Are events a worthwhile way to do business?
Last week, we were invited to exhibit at an event held at Magna Science Adventure Centre in South Yorkshire.
The South Yorkshire Skills Celebration Event was organised by our clients Barnsley College, in partnership with the local Chambers of Commerce, other colleges and training providers and was attended by over 150 people.
This was the first time that we have exhibited our PR, digital marketing and social media services for three years.
It got me thinking how, prior to the pandemic, we attended and exhibited at several events, exhibitions and seminars every year, working alongside our b2b clients, mainly in construction and manufacturing. After the lockdown, our work in providing PR and exhibition support services slowed down for a while, so it is great to see that 2023 will be the year when our PR and social media for exhibitions and events ramps up once again.
Here are my advice tips on how to make the most of an event.
Be prepared. Make a schedule and agree it beforehand which staff will be on the stand and at what times, to make sure you have cover throughout the event. If it’s a trade exhibition, it’s important to have staff on hand who have an understanding of the industry and its issues, as well as your products and services, so they can discuss solving people’s issues. This can lead to good follow-up opportunities afterwards.
Make sure you have up-to-date company literature available. It is also worth considering corporate gifts to give away, like pens, coasters, or branded gift bags.
Build a social media campaign beforehand.
Social media is your most powerful tool to drive traffic to your exhibition stand. In the past, getting into all the show previews in magazines was essential – and this is still worthwhile but social media can have more instantaneous and impactful results. It is a good idea to create a graphic to share on your LinkedIn and Twitter company page to invite people to visit your stand and see a demonstration, meet the team etc, then ask each of your staff to share this with their contacts. You could even request that visitors sign up beforehand by setting up an Eventbrite link.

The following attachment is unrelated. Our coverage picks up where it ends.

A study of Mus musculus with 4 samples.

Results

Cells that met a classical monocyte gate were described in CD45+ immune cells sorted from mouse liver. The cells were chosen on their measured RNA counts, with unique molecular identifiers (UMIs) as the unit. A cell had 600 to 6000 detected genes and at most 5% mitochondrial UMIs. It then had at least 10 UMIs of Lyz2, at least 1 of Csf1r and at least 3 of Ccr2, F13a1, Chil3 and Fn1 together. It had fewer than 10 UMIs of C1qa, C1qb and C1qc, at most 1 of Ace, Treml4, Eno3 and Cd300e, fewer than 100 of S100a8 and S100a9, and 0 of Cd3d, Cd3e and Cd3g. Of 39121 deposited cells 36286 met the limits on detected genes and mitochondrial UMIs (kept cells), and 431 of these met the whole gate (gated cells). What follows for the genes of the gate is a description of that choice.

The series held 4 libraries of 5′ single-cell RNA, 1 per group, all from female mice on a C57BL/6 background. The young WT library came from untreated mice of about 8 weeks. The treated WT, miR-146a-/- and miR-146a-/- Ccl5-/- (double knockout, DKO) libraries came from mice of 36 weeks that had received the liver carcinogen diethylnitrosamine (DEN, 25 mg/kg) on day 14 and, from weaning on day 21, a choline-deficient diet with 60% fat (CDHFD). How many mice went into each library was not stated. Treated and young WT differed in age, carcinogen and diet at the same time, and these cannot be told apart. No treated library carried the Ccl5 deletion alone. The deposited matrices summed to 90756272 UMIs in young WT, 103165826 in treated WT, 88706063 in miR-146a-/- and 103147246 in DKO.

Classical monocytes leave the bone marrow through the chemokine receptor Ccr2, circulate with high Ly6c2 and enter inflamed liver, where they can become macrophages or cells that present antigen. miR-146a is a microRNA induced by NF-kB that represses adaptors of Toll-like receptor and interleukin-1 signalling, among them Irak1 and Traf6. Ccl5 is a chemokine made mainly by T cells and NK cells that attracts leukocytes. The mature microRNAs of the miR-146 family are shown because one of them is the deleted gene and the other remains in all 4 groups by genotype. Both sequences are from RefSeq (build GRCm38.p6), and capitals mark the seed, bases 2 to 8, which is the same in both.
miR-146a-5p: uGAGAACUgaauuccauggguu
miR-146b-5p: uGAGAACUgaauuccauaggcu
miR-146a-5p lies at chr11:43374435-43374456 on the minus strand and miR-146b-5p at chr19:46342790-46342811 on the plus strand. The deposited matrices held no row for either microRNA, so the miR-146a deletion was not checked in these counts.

Work the room. It’s not just about who wanders onto your stand, but how you can network the other exhibitors too.
Check out the list of exhibitors beforehand and search them up on LinkedIn, to see who the right contacts are. Make time to visit their stands a couple of time during the event, and find out if key people are going to be attending. Focus on building relationships, rather than just trying to make a sale. The chance you will make a sale the first time that you wander onto an exhibition stand are low, but use it as an opportunity to get a foot in the door.
Secure a speaker slot.
Approach the organisers of the event several months before and request a speaker slot. To do this, you normally have to complete a form which includes giving a synopsis (outline) of the topic that you will cover in the presentation. This should be non-commercial and cover an industry challenge/issue or topical subject. If it’s a construction exhibition, for example, the topic could cover latest legislation changes and how can your products/team help to meet these. If it’s a manufacturing show, it could be a seminar around meeting Industry 4.0 and beyond and using technology and digitalisation to enhance your business, or how to meet skills challenges etc. Whatever the topic, make sure it is relevant, informative and not overly commercial. It is a great way to raise the awareness of your brand and be seen as an industry expert. Often these seminars provide invaluable content for our PR team to be able to create thought leadership articles in key magazines, which we negotiate into the publications free of charge.
Carry out data capture by having a lanyard scanner on your stand - this saves you having to ask for people’s business cards - and these days they don’t often have them. Once you have their details, then try to connect with them via LinkedIn, so you have them within your set of connections. This can be a valuable initial step, on the route to potentially doing business together.
Relax and enjoy the show! They can be long hours at the shows and the days can be busy and hectic.
Make sure you and your staff take regular breaks and check in to make sure all team members are OK and feel supported. Remember people are at the event to do business, but also to have a good day out, meeting new people, making connections – so don’t be disheartened if you don’t make any immediate sales.
The lengthy days do mean that social activities can be restricted, but often the last day or evening of an evening can be a chance for the team to wind down and for managers to thank team members for their contributions to making the event a success.
For any more information and advice on B2B PR and social media for events, exhibitions or b2b PR campaigns, email email@example.com or tel 0114 349 5341.